All Tom's friends really are superheroes.
There's the Ear, the Spooner, the Impossible Man. Tom even married a superhero, the Perfectionist. But at their wedding, the Perfectionist was hypnotized (by ex-boyfriend Hypno, of course) to believe that Tom is invisible. Nothing he does can make her see him. Six months later, she's sure that Tom has abandoned her.
So she's moving to Vancouver. She'll use her superpower to make Vancouver perfect and leave all the heartbreak in Toronto. With no idea Tom's beside her, she boards an airplane in Toronto. Tom has until the wheels touch the ground in Vancouver to convince her he's visible, or he loses her forever.
©2010 Andrew Kaufman (P)2010 Iambik Audio Inc.
’This book is like a kiss in the afternoon sun. Somebody should write Mr. Kaufman a letter and thank him for his tender heart and the way he puts things down so gently. I expect this story will replace boxes of chocolates and flowers in courting rituals to come.’ (Sheila Heti)
"Here, the words 'modern' and 'mythology' hang together in such a wonderfully close and inventive embrace. This is a story that will steal up quietly and seduce with its originality and wit." (Terry Griggs)
Readers who pick up this book thinking they'll be reading about super-heroes (as I must admit, I did) will be in for a surprise. Although nominally about 'super-heroes,' this book is really about a single relationship, and the challenges two people have in coming together. The super-heroes are strictly allegorical.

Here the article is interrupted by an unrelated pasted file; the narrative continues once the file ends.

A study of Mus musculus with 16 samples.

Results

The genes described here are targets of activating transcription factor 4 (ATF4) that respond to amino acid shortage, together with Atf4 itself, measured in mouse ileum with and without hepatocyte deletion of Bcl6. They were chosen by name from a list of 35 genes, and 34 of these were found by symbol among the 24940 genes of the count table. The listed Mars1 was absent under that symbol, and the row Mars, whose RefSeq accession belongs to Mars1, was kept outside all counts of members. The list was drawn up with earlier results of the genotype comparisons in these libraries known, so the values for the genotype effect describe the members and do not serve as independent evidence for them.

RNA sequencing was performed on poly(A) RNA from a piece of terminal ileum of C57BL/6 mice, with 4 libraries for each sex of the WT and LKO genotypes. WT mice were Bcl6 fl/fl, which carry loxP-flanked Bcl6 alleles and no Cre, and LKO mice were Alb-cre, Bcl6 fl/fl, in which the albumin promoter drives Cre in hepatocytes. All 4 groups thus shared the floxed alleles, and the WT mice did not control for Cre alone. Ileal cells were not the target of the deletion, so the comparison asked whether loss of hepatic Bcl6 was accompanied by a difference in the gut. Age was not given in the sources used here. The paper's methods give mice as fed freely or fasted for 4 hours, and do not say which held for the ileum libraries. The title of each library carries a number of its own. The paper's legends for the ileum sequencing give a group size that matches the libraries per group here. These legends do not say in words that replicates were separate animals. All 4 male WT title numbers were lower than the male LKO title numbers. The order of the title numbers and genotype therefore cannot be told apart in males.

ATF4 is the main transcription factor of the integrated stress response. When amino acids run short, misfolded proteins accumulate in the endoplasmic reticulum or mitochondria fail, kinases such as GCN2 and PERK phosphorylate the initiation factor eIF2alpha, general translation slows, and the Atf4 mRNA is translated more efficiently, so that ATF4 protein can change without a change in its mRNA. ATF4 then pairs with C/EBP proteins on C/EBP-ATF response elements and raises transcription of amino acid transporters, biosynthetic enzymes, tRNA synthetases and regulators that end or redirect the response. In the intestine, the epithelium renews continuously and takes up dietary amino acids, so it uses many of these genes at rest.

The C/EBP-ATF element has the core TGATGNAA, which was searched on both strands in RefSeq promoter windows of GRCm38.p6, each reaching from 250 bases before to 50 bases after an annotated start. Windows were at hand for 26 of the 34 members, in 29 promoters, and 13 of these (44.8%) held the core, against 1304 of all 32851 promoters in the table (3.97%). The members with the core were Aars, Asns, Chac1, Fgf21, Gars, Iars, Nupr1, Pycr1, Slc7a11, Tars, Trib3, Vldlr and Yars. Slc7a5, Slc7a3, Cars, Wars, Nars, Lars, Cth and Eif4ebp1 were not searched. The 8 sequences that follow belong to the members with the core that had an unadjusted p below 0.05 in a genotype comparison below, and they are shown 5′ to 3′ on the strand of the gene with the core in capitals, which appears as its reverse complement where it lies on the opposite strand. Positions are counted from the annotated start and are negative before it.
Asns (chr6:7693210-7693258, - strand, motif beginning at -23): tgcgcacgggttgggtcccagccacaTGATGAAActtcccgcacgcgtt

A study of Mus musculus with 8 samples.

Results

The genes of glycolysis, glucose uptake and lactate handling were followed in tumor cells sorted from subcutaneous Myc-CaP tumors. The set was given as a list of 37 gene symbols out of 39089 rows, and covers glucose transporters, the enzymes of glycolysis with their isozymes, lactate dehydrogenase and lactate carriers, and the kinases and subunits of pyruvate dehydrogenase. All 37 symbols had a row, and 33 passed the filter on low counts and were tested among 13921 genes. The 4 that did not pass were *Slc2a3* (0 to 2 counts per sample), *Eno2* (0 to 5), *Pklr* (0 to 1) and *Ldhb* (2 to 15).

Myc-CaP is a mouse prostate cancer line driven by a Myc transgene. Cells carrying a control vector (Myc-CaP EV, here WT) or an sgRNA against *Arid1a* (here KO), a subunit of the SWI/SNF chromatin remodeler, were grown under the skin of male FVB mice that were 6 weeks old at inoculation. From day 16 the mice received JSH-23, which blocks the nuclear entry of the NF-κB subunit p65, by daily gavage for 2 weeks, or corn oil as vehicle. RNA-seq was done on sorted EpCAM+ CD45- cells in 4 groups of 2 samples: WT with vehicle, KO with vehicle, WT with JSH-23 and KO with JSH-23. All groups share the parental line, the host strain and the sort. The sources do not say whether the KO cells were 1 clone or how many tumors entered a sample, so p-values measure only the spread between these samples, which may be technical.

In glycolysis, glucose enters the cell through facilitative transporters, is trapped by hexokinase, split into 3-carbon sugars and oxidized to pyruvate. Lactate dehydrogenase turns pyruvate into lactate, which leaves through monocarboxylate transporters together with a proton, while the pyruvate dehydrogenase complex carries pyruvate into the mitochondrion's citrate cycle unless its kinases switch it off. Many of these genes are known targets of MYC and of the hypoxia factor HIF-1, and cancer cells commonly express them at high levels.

This isn't a romance, but rather an interesting bit of imaginative fiction. Gordon Mackenzie is a good choice as narrator.
I've just finished reading this book and am still trying to fathom its metaphors. It's quite short and an easy read that I definitely recommend.
This is a quirky story about superheroes but not in the usual sense of superman. It is a strange book that shows the struggle of a man who has no superpower when all his friends around him have them.
The romantic tragedy type of plot is amazing and well written and the narrator expresses the emotions well although I felt that he was a bit robotic in the way he spoke and it didn't flow as well as it could.
I would really suggest this book if you want to read something a little different.
"Clever idea but sentimental"
Tom is married to a superhero called The Perfectionist, who is able to will perfect order with her mind. Unfortunately, thanks to jealous ex-boyfriend Hypno hypnotising her on her wedding day, The Perfectionist is unable to see Tom. Thinking Tom has disappeared, The Perfectionist decides to start her life over by re-locating to Vancouver. Tom manages to get the seat next to her on the plane. How will he, the only person he knows without a superpower, convince The Perfectionist that he's still with her before the plane lands?
The superheroes in this slim novella are not stereotypical, from their lack of secret identities onward. The Stress Bunny, who absorbs the stress of anyone within a 50-foot radius thanks to her strict Catholic upbringing and is consequently very popular at parties, is a typical example.
Superheroes are everywhere, says the author, a rather sickly sentiment if you ask this old cynic. Nevertheless, this is a brilliantly quirky idea and some of the superheroes are really rather clever ideas who are rather more interesting than the central story.